It happened in the Mearns July 31

From our files we bring to you what happened in the Mearns in history.

25 YEARS AGO - Friday August 3rd 1990

Fears that by opting for a completely new sports complex of pitches and changing facilities in the Dunnottar Woods, footballers would lose out - were expressed at a meeting last month between members of the Stonehaven and District Sports Development Trust and District Council officials. Chief Executive Tom Hyder called the meeting between officials of the Trust’s football teams and Recreation officer John Wombell and District Councillors. There was a commitment to have a new pavilion built at Mineralwell Park, and if negotiations were opened for a completely new site, this might be lost, said District Councillor Harrison MacLean. Footballers could fall between two stools and end up with no improvements whatsoever, he added. It was reccommended that the new pavilion be sited at the existing car park leading to Stonehaven Juniors’ walled pitch.

Football officials were told that two new pitches could eb made available at Forest View, near the railway line, once the Mackie FPs rugger club moved from there to new premises. This was ground owned by the Regional authorities. A novel idea first put forward by the local Community Council to link Mineralwell and the new pavilion with Baird Park by way of a pedestrian bridge over the Cowie was also given the “go ahead”.

50 YEARS AGO - Friday July 30th 1965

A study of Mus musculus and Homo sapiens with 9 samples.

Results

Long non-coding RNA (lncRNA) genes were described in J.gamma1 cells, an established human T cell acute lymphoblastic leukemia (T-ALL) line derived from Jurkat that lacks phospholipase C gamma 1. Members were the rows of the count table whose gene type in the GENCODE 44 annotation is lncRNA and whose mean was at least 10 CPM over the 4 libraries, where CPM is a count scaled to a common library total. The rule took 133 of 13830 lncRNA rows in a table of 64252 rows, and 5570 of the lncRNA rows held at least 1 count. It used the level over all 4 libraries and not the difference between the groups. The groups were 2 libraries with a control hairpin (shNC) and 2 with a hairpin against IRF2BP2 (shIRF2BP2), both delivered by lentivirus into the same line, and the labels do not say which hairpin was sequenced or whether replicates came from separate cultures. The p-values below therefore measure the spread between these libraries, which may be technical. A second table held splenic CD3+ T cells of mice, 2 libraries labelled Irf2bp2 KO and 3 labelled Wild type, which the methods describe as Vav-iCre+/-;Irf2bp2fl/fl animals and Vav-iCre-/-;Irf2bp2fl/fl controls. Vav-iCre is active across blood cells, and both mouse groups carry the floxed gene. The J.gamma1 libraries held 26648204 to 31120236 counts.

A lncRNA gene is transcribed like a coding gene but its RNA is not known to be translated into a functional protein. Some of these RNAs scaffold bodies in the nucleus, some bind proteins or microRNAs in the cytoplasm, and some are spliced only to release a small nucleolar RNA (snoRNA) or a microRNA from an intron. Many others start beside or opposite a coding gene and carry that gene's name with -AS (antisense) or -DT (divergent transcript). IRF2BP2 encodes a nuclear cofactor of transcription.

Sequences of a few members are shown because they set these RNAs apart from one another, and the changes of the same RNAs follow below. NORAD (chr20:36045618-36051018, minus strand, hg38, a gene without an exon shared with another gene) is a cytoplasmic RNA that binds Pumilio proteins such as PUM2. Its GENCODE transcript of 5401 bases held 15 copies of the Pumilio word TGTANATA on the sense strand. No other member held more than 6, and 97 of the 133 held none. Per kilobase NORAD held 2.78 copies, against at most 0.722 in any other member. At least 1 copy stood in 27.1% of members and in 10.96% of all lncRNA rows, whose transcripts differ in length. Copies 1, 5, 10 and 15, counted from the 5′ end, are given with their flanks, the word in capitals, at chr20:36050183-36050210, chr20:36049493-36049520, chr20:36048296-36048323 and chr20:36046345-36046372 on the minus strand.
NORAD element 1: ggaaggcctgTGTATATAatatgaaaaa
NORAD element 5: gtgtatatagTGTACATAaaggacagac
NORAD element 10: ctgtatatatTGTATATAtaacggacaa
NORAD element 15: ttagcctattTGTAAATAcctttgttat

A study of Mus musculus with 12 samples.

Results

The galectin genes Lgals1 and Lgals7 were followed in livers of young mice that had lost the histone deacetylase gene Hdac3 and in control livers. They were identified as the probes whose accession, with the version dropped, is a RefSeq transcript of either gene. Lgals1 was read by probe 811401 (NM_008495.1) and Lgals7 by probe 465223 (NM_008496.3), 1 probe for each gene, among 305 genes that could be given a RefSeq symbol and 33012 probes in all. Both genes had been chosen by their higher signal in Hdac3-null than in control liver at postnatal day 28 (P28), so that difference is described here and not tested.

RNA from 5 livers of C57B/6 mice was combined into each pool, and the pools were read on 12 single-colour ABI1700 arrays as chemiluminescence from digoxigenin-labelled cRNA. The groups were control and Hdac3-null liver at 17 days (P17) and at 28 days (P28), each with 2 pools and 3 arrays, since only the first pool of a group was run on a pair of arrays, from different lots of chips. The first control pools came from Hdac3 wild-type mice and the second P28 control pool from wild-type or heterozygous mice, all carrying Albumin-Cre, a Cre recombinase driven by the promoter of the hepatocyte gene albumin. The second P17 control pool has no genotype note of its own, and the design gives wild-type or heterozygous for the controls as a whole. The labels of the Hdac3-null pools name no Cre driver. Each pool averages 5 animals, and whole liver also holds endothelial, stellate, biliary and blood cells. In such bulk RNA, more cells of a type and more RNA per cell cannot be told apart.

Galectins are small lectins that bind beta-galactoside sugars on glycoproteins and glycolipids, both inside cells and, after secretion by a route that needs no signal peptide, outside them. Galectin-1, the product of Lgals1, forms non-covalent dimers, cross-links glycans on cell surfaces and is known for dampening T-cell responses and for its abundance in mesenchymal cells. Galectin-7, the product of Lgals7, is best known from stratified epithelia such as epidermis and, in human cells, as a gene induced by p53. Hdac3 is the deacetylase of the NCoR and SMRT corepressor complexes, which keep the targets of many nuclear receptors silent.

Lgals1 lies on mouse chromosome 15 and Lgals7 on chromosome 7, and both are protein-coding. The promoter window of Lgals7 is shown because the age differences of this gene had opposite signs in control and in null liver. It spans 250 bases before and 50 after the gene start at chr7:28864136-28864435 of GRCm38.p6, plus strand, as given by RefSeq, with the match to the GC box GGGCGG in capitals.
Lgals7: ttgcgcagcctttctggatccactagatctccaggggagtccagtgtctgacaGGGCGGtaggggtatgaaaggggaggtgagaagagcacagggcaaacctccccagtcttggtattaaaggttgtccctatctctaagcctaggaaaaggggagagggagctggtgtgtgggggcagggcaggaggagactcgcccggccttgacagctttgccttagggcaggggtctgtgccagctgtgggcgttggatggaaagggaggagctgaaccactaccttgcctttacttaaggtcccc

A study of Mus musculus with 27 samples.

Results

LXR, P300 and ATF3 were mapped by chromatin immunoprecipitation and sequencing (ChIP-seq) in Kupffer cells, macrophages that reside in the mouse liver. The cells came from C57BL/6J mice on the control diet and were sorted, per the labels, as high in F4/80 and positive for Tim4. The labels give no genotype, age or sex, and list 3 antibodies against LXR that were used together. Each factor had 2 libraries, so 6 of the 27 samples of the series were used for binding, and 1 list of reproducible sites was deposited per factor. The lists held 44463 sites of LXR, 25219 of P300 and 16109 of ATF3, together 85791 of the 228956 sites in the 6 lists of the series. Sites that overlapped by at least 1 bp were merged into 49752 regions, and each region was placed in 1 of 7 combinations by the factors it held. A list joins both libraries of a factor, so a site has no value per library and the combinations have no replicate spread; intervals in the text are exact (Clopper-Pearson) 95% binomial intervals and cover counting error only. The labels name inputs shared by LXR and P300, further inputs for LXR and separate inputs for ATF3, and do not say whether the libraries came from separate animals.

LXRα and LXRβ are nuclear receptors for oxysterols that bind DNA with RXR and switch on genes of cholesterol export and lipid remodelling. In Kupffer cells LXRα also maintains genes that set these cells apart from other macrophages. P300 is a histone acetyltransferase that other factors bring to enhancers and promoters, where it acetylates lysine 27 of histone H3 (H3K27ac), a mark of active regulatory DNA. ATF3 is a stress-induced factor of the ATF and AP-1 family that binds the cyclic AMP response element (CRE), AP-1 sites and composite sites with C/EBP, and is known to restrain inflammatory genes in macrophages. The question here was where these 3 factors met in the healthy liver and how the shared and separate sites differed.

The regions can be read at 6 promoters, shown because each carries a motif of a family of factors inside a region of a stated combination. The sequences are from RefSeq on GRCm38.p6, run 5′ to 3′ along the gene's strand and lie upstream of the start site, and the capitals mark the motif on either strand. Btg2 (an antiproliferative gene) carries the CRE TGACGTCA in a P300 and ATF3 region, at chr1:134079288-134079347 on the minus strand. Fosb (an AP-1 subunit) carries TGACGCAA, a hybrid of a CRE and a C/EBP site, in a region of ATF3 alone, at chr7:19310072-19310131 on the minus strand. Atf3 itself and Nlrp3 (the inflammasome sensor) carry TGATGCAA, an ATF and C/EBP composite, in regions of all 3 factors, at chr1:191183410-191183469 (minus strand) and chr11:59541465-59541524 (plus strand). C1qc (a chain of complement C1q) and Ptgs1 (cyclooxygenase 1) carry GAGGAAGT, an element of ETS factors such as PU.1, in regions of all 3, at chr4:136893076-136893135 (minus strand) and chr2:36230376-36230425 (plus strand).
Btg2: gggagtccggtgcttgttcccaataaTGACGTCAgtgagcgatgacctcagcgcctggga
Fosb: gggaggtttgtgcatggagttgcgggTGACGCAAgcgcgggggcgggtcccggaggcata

Plans to have Stonehaven radio station ready to handle messages from those drilling for oil in the North Sea have been changed.

The deadline for readiness was originally last May, and in March Mr K.W. Foster, officer in charge of the station, gave the opinion that the service might be ready by summer. Certain alterations have had to be made to the programme, and they may not be ready until the beginning of next year. “There’s really no great hurry, as drilling is not scheduled to start until early in 1966” said Mr Foster.

Humber, Cullercoats and Stonehaven are the stations chosen to provide the service, and the two former stations had to be completed first. The oil companies have surveyed the area from Lowestoft to Peterhead, and Shell UK Exploration and Production Ltd. - also acting for both Shell and Esso - have staked 70% of its massive 7000 square mile claim in the more difficult and potentially less rewarding waters off Aberdeen. It will presumably be their traffic that Stonehaven will handle. These water, which will include the Kincardineshire belt, are 300 feet deep, and have been hitherto regarded as unpromising for prospectors. The drilling rigs each employ about 100 men.

100 YEARS AGO - Thursday August 5th 1915

One can hardly realise that it is a year ago yesterday that this country was plunged into war more terrible than all the wars of history.

The mind can hardly grasp the fact that it is already a year since the momentous decision was taken on the 4th of August last. Perhaps when all is said and done this dark days of tension in August when it was yet uncertain whether this country would be drawn, against the will of its people, into the struggle, and the still darker days a month later, when it was rumoured that the British Expeditionary Force had been utterly wiped out transcended in mental agony for all our countrymen anything we have suffered since.

Even at the beginning of war, it was remarkable that this country, though realising that the war would entail dreadful sacrifice of the young life of the nation, was practically unanimous for war. Since then we have had ample example of what war as waged by the modern exponent of “Kultur” means.

And the result is that, while, twelve months ago, there was, at a moderate one in a thousand who condemned the war, and our own share in it, at the present moment there cannot be a single true Briton who does not know in his heart that we must carry on the war, at whatever cost, until Germany is forced to give in.